Preparing for Election Season in Colombia


After eight consecutive years in office, President Álvaro Uribe of Colombia has to step down and make way for potential change in Colombian politics. This post features a brief description of the main presidential candidates in the 2010 elections and looks at the potential impact of a changed political landscape on relations with the US, Venezuelan President Hugo Chavez and the guerrilla organization FARC.

This weekend’s parliamentary election will serve as an indicator of the direction Colombian politics will take in the post-Uribe era.

Juan Manuel Santos Calderón is a member of the Social National Unity Party (Partido de “la U”). The former head of the Ministry of Defense announced that he would follow President Uribe’s policies and keep up good relations with the US. If so, Venezuela’s Hugo Chavez will have a rough time befriending Mr. Santos and the FARC will be confronted with a man who recently spearheaded military actions against the guerrilla organization. Mr. Santos enjoys the support of still very popular President Uribe as well as of many business leaders. According to recent polls, 23 percent of the people would like him to become president.

Gustavo Petro is the opposition’s most promising candidate and a member of the Alternative Democratic Pole (Polo Democrático Alternativo). The leftist politician once fought for the M-19 guerrilla movement before going into politics. However, he publicly stood up against FARC on various occasions. His economic policies are focused on issues of equality and supporting the (rural) poor, while he seems to oppose rent-seeking and the monopoly power of private corporations. In this sense, Mr. Petro may possibly find some common ground with President Chavez and the US may view his candidacy with discomfort. Currently, he is the runner-up to Mr. Santos with approximately 11 percent of potential votes.

Sergio Fajardo is an independent candidate and former city mayor of Medellín. He does not fully reject the possibility of renewed negotiations with FARC and Mr. Fajardo would rethink Colombia’s relation to the US, even though he clearly recognizes the US’ importance in fighting narco-trafficking. His external agenda prioritizes institutionalized instead of personalized relations. Under his presidency, Colombia would most likely slightly improve its relation to Venezuela, yet it would not become another Bolivarian nation. To date, his chances of winning the elections stand at about 9-10 percent.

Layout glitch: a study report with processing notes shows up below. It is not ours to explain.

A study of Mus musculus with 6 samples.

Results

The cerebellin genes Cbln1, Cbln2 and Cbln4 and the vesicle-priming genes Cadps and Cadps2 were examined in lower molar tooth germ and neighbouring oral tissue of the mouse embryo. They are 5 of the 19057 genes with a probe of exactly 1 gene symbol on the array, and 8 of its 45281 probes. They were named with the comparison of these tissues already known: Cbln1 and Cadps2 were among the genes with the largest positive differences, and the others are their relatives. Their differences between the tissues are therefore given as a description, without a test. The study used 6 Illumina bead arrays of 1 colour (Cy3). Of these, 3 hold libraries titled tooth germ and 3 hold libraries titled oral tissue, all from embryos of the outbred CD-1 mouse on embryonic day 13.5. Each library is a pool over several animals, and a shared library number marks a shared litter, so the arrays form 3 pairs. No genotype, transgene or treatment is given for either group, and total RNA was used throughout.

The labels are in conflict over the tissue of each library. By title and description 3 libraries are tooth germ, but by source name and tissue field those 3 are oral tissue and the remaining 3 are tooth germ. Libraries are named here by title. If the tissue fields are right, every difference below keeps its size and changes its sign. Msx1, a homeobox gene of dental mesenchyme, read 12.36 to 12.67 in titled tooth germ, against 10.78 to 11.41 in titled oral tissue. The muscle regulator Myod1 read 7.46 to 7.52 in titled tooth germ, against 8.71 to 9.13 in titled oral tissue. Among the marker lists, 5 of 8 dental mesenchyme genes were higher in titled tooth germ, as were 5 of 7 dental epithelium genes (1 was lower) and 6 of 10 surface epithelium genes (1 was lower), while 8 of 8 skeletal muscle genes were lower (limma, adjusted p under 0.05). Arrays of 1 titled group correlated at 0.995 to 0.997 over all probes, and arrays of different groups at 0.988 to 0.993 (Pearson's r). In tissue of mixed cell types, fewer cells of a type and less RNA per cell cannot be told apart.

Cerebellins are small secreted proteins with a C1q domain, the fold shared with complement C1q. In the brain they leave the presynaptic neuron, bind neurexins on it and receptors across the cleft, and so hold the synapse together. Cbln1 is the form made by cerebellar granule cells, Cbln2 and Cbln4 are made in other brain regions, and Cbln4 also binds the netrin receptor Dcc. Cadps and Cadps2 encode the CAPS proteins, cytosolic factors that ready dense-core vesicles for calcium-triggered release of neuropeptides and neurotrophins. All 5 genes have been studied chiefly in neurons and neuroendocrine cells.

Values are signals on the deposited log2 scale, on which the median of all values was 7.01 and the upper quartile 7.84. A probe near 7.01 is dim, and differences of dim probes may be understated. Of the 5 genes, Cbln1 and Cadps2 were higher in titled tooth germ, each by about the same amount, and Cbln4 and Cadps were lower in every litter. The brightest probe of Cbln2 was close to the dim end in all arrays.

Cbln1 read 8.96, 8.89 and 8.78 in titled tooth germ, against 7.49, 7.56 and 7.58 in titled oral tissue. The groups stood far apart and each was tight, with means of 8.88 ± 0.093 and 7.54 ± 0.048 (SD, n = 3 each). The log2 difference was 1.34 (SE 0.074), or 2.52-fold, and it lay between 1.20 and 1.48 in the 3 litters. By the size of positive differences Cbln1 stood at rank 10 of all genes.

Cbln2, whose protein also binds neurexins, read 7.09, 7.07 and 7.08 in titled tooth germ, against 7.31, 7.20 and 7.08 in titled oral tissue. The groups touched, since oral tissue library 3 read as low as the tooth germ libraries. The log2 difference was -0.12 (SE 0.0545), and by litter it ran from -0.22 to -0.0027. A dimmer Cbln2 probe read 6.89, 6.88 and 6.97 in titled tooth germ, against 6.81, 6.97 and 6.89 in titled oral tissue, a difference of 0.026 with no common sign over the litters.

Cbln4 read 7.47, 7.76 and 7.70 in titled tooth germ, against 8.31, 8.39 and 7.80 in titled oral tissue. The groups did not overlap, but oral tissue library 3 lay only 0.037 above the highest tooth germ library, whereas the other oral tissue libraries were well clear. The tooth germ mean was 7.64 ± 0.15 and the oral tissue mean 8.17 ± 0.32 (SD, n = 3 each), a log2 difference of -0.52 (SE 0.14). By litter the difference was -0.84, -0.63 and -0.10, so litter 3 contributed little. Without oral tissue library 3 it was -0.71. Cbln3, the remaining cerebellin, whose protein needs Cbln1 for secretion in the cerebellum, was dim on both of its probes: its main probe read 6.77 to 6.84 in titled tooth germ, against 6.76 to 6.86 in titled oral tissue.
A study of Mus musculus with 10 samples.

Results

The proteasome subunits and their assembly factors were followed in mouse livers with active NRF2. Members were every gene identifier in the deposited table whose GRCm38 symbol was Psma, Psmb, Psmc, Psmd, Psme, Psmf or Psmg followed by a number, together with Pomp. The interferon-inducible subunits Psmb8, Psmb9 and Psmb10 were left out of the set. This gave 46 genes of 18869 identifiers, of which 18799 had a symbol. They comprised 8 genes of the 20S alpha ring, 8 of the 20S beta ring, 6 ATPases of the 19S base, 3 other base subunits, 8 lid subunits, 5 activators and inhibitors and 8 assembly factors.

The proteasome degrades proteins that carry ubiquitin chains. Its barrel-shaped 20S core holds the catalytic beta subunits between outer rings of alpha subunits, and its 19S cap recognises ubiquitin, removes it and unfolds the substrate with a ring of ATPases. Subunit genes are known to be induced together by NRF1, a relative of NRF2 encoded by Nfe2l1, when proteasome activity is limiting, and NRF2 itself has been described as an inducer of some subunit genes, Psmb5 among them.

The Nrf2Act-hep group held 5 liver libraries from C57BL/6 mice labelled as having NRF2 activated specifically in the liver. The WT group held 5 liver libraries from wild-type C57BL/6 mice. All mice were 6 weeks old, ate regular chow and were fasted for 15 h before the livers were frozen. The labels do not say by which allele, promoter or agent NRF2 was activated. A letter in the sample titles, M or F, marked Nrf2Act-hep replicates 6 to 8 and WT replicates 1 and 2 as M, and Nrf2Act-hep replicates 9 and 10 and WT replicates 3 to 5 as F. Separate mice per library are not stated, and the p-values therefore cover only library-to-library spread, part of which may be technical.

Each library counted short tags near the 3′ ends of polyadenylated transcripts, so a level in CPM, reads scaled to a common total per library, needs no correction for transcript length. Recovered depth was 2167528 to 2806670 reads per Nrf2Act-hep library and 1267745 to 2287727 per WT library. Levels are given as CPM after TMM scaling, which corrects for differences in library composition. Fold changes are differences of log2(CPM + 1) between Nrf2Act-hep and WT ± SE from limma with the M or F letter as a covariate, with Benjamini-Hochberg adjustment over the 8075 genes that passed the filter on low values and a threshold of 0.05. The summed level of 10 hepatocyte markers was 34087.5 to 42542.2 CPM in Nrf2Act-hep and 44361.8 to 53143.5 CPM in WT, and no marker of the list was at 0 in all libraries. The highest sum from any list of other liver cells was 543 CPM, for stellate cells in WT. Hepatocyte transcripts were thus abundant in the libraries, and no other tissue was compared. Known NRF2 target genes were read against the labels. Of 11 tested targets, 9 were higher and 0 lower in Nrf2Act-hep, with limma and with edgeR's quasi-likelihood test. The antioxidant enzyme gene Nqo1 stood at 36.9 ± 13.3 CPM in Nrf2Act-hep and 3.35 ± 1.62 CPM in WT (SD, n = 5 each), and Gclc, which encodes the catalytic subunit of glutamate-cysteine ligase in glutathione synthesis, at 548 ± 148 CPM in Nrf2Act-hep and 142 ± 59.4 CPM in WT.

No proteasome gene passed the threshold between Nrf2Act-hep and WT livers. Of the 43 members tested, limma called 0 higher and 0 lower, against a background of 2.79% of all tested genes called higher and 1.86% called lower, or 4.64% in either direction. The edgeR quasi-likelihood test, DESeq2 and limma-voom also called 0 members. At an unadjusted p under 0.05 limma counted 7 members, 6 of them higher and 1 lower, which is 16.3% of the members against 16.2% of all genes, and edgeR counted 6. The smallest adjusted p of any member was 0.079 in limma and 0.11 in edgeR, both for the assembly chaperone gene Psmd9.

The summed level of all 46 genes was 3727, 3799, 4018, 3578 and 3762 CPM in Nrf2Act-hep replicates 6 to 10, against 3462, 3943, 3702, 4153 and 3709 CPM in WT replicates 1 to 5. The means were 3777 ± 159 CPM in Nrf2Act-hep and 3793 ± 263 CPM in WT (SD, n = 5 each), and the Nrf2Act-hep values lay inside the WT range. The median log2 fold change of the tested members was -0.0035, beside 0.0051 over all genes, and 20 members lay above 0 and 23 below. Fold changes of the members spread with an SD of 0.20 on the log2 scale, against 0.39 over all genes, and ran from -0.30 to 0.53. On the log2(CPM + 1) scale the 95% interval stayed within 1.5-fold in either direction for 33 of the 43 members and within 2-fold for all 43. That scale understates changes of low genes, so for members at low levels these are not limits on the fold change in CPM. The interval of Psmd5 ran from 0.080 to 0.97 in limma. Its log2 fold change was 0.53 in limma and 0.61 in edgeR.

Other candidates in the race are Noemí Sanin (Colombian Conservative Party/Partido Conservador Colombiano), Germán Vargas Lleras (Radical Change/Partido Cambio Radical), Andrés Felipe Arias (Colombian Conservative Party/Partido Conservador Colombiano) and Rafael Pardo (Colombian Liberal Party/Partido Liberal Colombiano). Mr. Pardo is another candidate from the opposition, whereas Ms. Sanin, Mr. Vargas and Mr. Arias are siding with President Uribe. Of these remaining candidates, only Ms. Sanin managed to overcome the 10 percent threshold in recent polls in February 2010.

Further information on the domestic conflict in Colombia:

Further information on US-Colombian relations:

Background information on Colombian politics:

2 replies on “Preparing for Election Season in Colombia”

Noemí Sanín’s victory over Andrés Felipe Arias in the Conservative Party primaries again changes the starting situation for the presidential elections in May. Sanín, a former ambassador to the UK and Spain, foreign minister under President Gavíria, and presidential candidate in 1998 and 2002, is a well-known figure on the Colombian political arena, and she can count on a solid popular support. The general feeling in Colombia seems to be the wish for continuation of Uribe’s policies, especially the “democratic security and defence policy”. And although Juan Manuel Santos can be considered the “natural” candidate for this continuity, Sanín, who is also close to Uribe and his policies, will certainly challenge Santos already in the fisrt round.

Please also see my blog entry “Sweet Sour Colombian Democracy” on for further discussion.

UNHCR recently released a report about human rights situation in Colombia.

Obviously non-state armed groups don’t get a good grade.
But the report also bluntly denounces the government’s persecution of human rights defenders. It even speaks about an “increase in threats and illegal use of intelligence services against human rights defenders and others”.
While the report is a nice windfall for the Polo Democratico Alternativo‘s campaign, the government doesn’t seem to think there is a problem.